Before I left Texas I visited the Sherman Museum, and since I was in Newcastle city, with some free time, I decided to re-visit the Newcastle Museum; so here is some information about the museum of my Australian hometown:
Originally established in 1988 as a bicentennial project the Newcastle Museum was initially housed in the former Castlemaine Brewery in Hunter Street and remained in that location in Newcastle West until 2008, when it closed so that it could relocate. In 2011 the museum re-opened at its current position (and incidentally, the original preferred site), occupying 3 National Trust buildings at the Honeysuckle Railway Workshops in Newcastle (namely: the Locomotive Boiler Shop, the New Erecting Shop and the Blacksmith and Wheel Shop). The museum is located just one street back from the harbour front and is close to some excellent harbour-side dining.
The museum hosts several temporary exhibitions which change regularly (check the museum website for a list of current Special Exhibitions) and is home to 3 permanent exhibits.
- Fire and Earth – in this exhibit, two of the main industries that have played a part in shaping the identity and culture of Newcastle are brought together in an interesting display: the coal industry and BHP steel making. Included in this display is the BHP Experience – a dramatic presentation using “very theatrical sound, lighting, vision and mechanical effects to create an absorbing, up close experience of a steel pour”. 1.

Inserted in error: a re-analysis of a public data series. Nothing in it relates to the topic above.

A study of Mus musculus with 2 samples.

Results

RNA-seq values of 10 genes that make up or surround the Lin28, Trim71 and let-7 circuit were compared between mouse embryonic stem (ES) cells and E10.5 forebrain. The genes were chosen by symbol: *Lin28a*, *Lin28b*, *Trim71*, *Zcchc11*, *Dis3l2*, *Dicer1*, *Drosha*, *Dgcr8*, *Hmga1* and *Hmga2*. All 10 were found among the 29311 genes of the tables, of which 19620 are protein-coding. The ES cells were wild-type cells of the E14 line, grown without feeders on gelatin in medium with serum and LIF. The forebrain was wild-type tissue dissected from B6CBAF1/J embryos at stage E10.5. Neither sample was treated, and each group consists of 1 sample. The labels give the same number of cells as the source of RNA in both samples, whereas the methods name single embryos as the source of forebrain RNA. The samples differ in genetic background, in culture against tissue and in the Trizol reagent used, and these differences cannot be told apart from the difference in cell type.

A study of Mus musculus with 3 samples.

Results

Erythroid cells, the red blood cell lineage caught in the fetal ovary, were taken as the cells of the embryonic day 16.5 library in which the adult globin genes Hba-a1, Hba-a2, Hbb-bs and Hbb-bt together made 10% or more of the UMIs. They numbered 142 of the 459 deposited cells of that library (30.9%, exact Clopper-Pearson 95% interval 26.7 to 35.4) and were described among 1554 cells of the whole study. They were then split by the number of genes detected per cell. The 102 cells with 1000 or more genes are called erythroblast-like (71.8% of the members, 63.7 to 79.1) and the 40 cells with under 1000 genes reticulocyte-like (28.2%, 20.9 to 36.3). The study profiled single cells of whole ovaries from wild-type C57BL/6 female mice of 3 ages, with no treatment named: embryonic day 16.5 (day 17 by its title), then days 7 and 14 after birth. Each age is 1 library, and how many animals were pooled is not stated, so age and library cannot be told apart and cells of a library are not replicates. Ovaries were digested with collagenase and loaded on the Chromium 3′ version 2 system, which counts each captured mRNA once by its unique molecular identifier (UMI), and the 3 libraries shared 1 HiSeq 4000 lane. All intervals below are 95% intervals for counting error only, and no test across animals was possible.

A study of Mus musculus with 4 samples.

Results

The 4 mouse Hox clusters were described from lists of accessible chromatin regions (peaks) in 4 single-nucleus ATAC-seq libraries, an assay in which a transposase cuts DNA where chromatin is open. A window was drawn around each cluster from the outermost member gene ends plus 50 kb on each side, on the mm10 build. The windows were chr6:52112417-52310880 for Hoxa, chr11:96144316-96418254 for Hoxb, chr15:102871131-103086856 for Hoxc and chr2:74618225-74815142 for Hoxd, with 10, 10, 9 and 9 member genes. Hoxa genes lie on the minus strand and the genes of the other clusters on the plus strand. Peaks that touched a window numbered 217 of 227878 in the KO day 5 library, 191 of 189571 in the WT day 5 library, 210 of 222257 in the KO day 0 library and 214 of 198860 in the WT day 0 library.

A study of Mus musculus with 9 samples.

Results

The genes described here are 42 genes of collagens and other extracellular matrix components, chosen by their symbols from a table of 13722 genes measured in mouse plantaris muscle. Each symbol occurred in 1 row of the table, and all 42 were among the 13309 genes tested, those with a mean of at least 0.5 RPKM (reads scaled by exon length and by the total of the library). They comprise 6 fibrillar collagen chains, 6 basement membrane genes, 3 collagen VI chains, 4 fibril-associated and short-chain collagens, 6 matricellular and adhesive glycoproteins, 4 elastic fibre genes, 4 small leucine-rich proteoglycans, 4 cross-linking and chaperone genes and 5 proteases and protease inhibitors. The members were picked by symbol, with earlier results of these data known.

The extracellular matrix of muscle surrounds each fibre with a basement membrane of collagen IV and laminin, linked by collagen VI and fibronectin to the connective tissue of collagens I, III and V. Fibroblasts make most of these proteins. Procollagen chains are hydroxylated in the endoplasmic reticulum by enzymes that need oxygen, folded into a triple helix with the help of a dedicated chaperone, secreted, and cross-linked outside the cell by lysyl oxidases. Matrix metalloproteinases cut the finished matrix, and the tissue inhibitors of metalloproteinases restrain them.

Newcastle was known as the “Steel City” because BHP played a huge part in the development of Newcastle. BHP existed in Newcastle from 1915 to 1999 and was probably the backbone of the city employing thousands of Novocastrians. In Newcastle, you either worked at BHP or knew someone who did (both my parents and my husband worked for BHP). However, BHP closed down its steel making operations in Newcastle in 1999 and although traumatic for many at the time, the city is arguably better for it now!
Supernova – a hands on science centre (great for the kids)
A Newcastle Story – examines Newcastle’s history, from early aboriginal history, convict origins and its cultural development through war, immigration, sports, etc. There are displays depicting famous Novocastrians, our sporting feats, our lifestyle and also a display relating the devastating earthquake Newcastle suffered in 1989.
The museum is open Tuesday to Sunday, 10am to 5pm. Entry to the museum is free. The museum also has an excellent café “Sprout Canteen”, open from 8:30am serving breakfast and lunch.